Love, in the Time of Corona

6 April 2020
Love, in the Time of Corona

– Mansura Amdad

From the URI - North India & Afghanistan Region's blog Khwaeesh:

The world is in shambles at this moment. Never before did I feel so helpless and so panicked to see the deluge that has taken over the world. As a person who has been studying wars, understanding conflicts and working on how to resolve these problems through negotiations and by means of dialogue facilitation, I was baffled and was a fish thrown (or rather, thrashed) out of the water when the novel Coronavirus, or COVID-19, showed up within the boundaries of Bangladesh, my country.

It would be a lie had I said the outbreak of COVID-19 was not anticipated in Bangladesh in particular, or in South Asia in general. But the real problem of Coronavirus came in primarily twofold ways – the first being its rapidity, the way it spreads and kills people is still hard for my head to fully grasp; the second being our complete lack of knowledge of this new menace and the subsequent aftereffect that it promises to leave for the next few generations.

Even when the virus is pictured with a small rate of killing, the situation seems terrible for me. What about countries with under-par healthcare infrastructures? What about densely populated countries? What about places with poor governance? What about the persons most vulnerable to its exposure? What if the dead is one of your grandparents, or my newborn cousin, or one’s pregnant aunt, or a street child’s rickshaw puller father? Many cannot stop worrying when they are awake, many cannot build fortifications on the back of their minds when they are having nightmares – and here we are, living through a nightmarish, bizarre, apocalyptic world.

So, we may have hit rock bottom. The human civilization may have prioritised going faster than ever before, but it is now put on a halt. We look at an uncertain future, one without proper knowledge of how long will this continue, where next should we even go, and how exactly would we survive while making sure that the people surrounding me are also living to see the daylights?

The answer that I happen to tumble upon every time, is that when we hit rock bottom, the only way to go is up.

How do we go up? The answer seems to be, as ever, love.

Love for yourself. And at the very same moment, love for the others. The ones we see. The ones we do not see. The ones we cannot immediately see.

For the sake of the other, we learned to live through this plague. The ever-detached millennials, or those hailing from the nervous nineties, we all started to grasp that we do love our parents. The time that was granted by dint of lockdowns came as a breather to many who had been caught up in the whirlwind of the ever so mechanised life. Economic productivity may have gone down, but what a time to be alive when one sees human creativity flourishing from within homes! Through paintings, through jazz instrumentals, through songs, through dances, through recitals – people are sharing what they love to do, what keeps them going in a gloomy world! Those of us who had been aloof of the world – we have suddenly become matured; out of the blue we have suddenly learned to be aware of the little birds chirping from the harsh urban balcony, we have barred our socializing parents from going out for their little evening addas, we have learned to be resilient and aware in order to save the person next to us – all of a sudden, we have been given a lesson of Viva la Vida, Ode to Joy – the celebration of, and love for life.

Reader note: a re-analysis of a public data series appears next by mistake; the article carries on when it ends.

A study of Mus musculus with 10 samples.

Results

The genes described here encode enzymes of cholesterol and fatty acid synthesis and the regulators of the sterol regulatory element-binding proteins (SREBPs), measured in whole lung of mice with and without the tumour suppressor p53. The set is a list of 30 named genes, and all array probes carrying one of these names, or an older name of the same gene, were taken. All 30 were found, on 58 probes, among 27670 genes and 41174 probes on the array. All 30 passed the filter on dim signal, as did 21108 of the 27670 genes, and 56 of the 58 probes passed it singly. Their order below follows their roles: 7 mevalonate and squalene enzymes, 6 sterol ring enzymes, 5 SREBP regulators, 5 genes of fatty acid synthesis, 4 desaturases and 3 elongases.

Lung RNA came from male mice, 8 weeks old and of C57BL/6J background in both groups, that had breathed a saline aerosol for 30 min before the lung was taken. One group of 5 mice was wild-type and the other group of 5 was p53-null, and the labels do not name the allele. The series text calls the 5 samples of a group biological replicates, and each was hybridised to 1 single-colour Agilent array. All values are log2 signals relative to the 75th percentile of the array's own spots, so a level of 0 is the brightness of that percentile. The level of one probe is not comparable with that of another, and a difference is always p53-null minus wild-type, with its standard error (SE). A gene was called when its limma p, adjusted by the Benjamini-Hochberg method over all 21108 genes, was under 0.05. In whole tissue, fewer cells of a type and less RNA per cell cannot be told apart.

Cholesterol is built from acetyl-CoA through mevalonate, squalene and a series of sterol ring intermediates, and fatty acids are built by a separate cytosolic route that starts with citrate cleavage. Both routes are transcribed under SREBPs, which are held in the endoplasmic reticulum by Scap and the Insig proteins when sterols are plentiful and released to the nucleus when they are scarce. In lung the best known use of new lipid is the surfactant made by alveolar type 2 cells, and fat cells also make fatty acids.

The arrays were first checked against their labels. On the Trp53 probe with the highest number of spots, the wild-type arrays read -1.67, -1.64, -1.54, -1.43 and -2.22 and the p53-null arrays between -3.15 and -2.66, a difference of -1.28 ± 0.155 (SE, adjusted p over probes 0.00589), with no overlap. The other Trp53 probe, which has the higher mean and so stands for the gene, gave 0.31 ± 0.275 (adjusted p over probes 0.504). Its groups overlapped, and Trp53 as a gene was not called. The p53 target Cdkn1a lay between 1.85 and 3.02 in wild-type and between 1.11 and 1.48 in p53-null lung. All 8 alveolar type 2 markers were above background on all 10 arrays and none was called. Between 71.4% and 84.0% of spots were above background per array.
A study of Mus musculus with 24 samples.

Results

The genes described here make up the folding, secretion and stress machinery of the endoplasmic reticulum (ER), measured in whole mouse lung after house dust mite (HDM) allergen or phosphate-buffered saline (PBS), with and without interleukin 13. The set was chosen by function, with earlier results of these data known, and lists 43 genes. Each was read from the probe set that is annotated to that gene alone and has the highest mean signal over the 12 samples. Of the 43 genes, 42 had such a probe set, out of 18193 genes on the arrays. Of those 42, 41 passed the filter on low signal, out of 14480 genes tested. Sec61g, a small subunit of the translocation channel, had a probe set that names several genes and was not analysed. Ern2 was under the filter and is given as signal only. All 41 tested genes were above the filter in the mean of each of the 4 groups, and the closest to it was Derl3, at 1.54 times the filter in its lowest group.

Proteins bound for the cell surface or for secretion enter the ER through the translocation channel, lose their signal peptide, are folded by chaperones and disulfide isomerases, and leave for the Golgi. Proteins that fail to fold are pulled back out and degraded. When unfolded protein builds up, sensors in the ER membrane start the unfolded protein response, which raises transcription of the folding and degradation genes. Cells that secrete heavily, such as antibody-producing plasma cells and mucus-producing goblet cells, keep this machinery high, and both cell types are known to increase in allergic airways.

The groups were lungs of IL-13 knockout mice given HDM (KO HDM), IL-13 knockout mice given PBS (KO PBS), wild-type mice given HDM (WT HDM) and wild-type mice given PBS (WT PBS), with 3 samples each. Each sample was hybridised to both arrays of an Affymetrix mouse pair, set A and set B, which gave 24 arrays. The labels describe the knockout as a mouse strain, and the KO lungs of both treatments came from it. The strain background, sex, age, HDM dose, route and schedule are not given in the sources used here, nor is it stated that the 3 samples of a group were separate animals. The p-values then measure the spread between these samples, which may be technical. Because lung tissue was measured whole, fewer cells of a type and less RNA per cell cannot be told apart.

While it is regretful that a disease had to show the overall human civilization the value of its core – namely, the passion for the things we adore, the humane qualities, and the burning urge to live another moment and die another day – I guess at least it taught us what life is. How valuable every single moment is. How important fighting the darkness together has become.

Our healthcare systems may have broken down, our mental health may have had its worst hit in a collective manner in this catastrophe. But we live. We live, we draw those gasps of breath dearly, we fervently pray for those who are fighting this disease within their body, for those who are battling in the front lines as doctors and researchers; we try our best to help those who are trying to ensure the poor do not suffer from hunger and other essential needs; we try to rebuild on a foundation which may have broken in a different age in the past.

We will prevail, because the love for a peaceful life is stronger than anything else in this world.